The Annenberg Survey, just released, shows public skepticism is rising - and belief in the liars is going limp.
Belief in Bush campaign backing of the ads increased during the week. On August 23 and 24, when the Kerry campaign was making the accusation, 42 percent said the campaign was behind the ads and 41 percent said they were truly independent. On August 25 and 26, after Benjamin L. Ginsberg resigned as national counsel to the Bush campaign when his connection to the ads' sponsors was revealed, 50 percent said the campaign was connected and 34 percent said it was not.
Kerry's attackers, known as Swift Boat Veterans for Truth, first accused him of deception about earning the medals he received in Vietnam. Belief that Kerry had not earned all of his medals rose from 23 percent early in August to a high of 30 percent on August 19, but declined after news reports documented discrepancies between the claims of the ads, previous statements by the attackers, and government records.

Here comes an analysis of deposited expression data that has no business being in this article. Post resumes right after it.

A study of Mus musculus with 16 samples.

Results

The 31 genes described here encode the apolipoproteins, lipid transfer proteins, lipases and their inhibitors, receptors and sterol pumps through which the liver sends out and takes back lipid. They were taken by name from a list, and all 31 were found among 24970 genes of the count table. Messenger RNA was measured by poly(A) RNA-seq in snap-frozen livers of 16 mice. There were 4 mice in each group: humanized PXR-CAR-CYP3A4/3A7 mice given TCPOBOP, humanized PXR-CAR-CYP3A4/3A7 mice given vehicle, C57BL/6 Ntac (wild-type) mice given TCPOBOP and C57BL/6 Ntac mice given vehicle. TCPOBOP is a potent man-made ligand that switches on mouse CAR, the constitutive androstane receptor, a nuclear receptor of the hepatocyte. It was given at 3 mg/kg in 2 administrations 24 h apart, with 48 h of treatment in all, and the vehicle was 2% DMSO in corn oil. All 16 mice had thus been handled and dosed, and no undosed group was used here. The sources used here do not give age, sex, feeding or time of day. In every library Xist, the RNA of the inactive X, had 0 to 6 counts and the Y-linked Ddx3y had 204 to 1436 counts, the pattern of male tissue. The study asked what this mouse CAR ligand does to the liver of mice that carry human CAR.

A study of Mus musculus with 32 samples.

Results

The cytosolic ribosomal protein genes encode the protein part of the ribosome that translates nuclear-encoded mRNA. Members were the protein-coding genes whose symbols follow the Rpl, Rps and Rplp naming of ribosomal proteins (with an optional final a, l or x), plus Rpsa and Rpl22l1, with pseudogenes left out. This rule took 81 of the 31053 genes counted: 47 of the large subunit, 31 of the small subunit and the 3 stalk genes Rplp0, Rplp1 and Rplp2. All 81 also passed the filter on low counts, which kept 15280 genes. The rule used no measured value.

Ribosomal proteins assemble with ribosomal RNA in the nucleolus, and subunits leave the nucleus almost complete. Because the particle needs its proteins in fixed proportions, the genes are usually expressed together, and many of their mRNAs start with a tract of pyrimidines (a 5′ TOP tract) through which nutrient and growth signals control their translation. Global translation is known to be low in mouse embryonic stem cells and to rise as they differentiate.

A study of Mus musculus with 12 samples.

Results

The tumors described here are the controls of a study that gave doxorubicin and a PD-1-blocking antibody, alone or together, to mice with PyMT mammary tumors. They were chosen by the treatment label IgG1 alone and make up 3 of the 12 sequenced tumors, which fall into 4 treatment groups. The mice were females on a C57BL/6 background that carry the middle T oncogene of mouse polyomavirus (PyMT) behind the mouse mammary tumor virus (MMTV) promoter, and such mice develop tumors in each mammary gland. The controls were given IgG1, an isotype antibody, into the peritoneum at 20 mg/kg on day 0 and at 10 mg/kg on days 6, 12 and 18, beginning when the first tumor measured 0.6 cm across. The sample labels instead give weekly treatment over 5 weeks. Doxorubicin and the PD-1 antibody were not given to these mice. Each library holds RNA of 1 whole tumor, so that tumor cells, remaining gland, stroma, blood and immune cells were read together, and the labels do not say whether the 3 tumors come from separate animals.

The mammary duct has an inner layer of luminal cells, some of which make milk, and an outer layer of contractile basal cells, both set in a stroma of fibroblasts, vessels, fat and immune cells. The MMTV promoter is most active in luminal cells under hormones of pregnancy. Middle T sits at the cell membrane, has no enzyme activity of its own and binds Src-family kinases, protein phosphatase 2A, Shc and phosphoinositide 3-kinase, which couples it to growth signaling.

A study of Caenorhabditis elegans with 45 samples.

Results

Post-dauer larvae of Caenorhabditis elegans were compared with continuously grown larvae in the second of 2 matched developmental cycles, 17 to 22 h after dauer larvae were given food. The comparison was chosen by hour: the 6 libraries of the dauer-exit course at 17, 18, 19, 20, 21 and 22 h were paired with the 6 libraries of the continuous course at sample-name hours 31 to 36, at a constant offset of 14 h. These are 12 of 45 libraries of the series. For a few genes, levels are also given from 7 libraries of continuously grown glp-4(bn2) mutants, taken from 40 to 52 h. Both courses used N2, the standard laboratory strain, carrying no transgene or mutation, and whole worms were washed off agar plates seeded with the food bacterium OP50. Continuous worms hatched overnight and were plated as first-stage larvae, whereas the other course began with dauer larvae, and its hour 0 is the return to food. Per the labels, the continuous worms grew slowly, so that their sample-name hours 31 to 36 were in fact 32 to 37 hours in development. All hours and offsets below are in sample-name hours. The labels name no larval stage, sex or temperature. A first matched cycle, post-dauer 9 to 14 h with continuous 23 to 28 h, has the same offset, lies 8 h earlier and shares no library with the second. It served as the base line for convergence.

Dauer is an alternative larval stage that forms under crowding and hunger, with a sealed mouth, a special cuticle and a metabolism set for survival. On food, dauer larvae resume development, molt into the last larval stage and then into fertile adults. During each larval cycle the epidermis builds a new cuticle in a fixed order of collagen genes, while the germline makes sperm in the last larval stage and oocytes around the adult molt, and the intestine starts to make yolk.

The rise in belief that Kerry did not earn all of his medals coincided with extensive cable and political talk radio discussion of the original Swift Veterans ad. The decrease followed a five day period in which investigations by major news outlets challenged the story told in the ad and an eyewitness first person account in The Chicago Tribune corroborated Kerry's account of one of the events in question.
In the August 23-26 polling, of 1,244 adults, belief that Kerry had not earned his medals had receded to 24 percent, a view held by 43 percent of Republicans, 25 percent of independents, and 7 percent of Democrats.